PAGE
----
Articles - Material & Finishes

Do powder coated planters need galvanising?

Is galvanising mild steel necessary?  This article will discuss the factors that must be considered, especially related to external planter edging.

Understanding Galvanising for External Architecture

When dealing with steel in outdoor architectural projects, it’s crucial to grasp the ins and outs of galvanising – a process that prevents steel from rusting. In this article, we’ll explore when galvanising is necessary, the various galvanising techniques, and whether it’s cost-effective to skip this step.

What is Mild Steel?

Mild Steel is a highly versatile material used in various applications worldwide. In the context of outdoor environments and street furniture like benches and planters, mild steel is commonly used. However, it’s important to note that mild steel, being almost entirely composed of iron, is susceptible to corrosion when exposed to moisture. Hence, it requires protection.

When is Galvanising Necessary?

Galvanising is necessary in all cases when favoring a PPC Finish:

  1. Raw mild steel exposed to moisture in the atmosphere will quickly oxidize and rust. Galvanising preserves its life.

  2. Even if you plan to powder coat steel, galvanising is essential. While powder coating can provide a protective layer, any scratches or damage to the top coat can expose the steel to moisture and lead to rust. Galvanising ensures added protection.

When is Galvanising Not Necessary?

  1. When using Corten (Weathering) Steel, as it forms a protective layer through oxidation.
  2. When using Stainless Steel, particularly architectural grades like 316, which are inherently corrosion-resistant, eliminating the need for galvanising.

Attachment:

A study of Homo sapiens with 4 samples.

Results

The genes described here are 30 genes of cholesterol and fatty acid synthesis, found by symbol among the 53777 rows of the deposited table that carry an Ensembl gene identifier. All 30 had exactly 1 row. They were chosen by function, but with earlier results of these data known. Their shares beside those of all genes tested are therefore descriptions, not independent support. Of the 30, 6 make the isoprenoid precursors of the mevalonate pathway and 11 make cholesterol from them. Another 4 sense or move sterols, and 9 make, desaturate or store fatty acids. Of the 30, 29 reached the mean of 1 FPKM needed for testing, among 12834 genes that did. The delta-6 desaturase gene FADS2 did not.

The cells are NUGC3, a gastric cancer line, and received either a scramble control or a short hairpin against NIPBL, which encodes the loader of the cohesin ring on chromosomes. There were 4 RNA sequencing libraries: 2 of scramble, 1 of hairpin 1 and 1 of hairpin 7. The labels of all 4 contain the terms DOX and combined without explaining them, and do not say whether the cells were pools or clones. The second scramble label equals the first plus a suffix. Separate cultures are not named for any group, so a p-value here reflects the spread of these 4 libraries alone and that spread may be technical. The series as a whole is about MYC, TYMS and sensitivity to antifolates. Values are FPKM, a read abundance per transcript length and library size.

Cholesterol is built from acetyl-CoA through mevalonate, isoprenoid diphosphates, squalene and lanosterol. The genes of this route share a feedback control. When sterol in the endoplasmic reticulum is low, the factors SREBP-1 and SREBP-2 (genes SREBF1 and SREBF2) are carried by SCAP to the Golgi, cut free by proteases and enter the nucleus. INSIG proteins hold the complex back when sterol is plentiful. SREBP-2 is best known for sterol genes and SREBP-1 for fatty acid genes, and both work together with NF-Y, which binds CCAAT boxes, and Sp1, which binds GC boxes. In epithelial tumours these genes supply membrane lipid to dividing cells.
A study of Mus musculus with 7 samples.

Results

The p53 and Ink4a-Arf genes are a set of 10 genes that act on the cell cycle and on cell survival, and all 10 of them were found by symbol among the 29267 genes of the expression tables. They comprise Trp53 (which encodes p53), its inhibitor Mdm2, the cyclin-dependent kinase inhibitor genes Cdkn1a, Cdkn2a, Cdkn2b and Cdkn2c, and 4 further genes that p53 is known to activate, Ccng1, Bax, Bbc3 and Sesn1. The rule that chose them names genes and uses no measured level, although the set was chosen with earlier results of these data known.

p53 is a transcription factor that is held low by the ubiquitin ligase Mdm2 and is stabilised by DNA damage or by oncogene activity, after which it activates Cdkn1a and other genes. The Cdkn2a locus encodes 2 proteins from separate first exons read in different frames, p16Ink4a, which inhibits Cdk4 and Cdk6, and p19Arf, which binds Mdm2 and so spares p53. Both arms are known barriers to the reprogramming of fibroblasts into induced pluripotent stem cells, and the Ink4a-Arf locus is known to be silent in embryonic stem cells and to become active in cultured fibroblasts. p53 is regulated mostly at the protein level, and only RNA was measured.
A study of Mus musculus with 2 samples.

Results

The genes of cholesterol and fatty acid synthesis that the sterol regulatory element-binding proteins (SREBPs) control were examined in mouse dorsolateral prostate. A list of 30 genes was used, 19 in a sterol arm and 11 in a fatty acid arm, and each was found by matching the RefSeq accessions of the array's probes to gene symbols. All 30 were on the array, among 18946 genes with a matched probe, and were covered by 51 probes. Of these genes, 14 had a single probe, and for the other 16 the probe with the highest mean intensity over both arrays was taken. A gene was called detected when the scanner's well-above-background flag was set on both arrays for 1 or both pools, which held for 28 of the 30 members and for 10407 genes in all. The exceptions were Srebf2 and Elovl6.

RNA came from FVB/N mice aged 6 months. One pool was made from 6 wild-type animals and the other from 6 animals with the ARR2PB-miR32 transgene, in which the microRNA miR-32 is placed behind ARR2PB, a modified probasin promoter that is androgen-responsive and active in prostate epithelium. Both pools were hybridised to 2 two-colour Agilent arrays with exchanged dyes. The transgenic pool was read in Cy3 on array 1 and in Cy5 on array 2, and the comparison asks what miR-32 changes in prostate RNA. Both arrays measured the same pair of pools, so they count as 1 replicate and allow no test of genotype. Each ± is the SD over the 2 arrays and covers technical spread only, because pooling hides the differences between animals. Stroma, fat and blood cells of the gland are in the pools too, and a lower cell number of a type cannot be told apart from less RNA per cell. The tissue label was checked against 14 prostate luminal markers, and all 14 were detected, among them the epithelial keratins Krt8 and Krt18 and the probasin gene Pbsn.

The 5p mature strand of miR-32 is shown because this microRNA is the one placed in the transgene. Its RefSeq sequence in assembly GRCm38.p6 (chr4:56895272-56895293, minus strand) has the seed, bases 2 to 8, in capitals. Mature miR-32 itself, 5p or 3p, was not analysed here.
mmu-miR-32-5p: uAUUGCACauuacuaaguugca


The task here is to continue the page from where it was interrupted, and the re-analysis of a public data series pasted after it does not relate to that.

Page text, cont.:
Challenges in Galvanising:

  • Degassing (Pinholing): Gas bubbles trapped in galvanized components can cause surface craters during the powder coating process. Pre-heating the component before powder coating expels these bubbles, ensuring a smooth finish.

  • White Rust: While a galvanized finish doesn’t rust, water puddles on it can lead to white chalky stains due to zinc oxidation. These stains are unsightly but don’t affect the steel’s structure.

  • Size Limitations: The size of a single part that can be galvanized is limited by the size of the zinc baths. For larger sections, components can be manufactured separately and assembled or subjected to ‘double-galvanizing,’ which may leave horizontal marks.

What is Galvanizing, and Hot vs. Cold Galvanizing?

Galvanizing comes in two main methods: ‘hot-dip’ and ‘cold’ galvanizing.

Cold Galvanizing involves painting raw steel with zinc-rich paint. While it bears the name ‘galvanizing,’ it’s different from the hot-dip method and offers limited long-term resistance due to being a surface coating. Typically, a polyester powder coating is applied for the desired color.

Hot-Dip Galvanizing immerses raw steel in molten zinc at around 450°C, leading to a metallurgically bonded zinc coating. This protective layer acts sacrificially, extending the steel’s durability. It doesn’t last indefinitely but offers robust protection for approximately 50 years.

Hot-dip galvanizing can be done before or after fabrication, depending on complexity. Post-fabrication galvanizing results in a rougher surface, while pre-galvanized steel has a smooth finish.


In conclusion, galvanising is essential for mild steel in outdoor architectural applications unless using Stainless Steel or Corten. To ensure the longevity of your finished product, always opt for galvanization when working with external mild steel.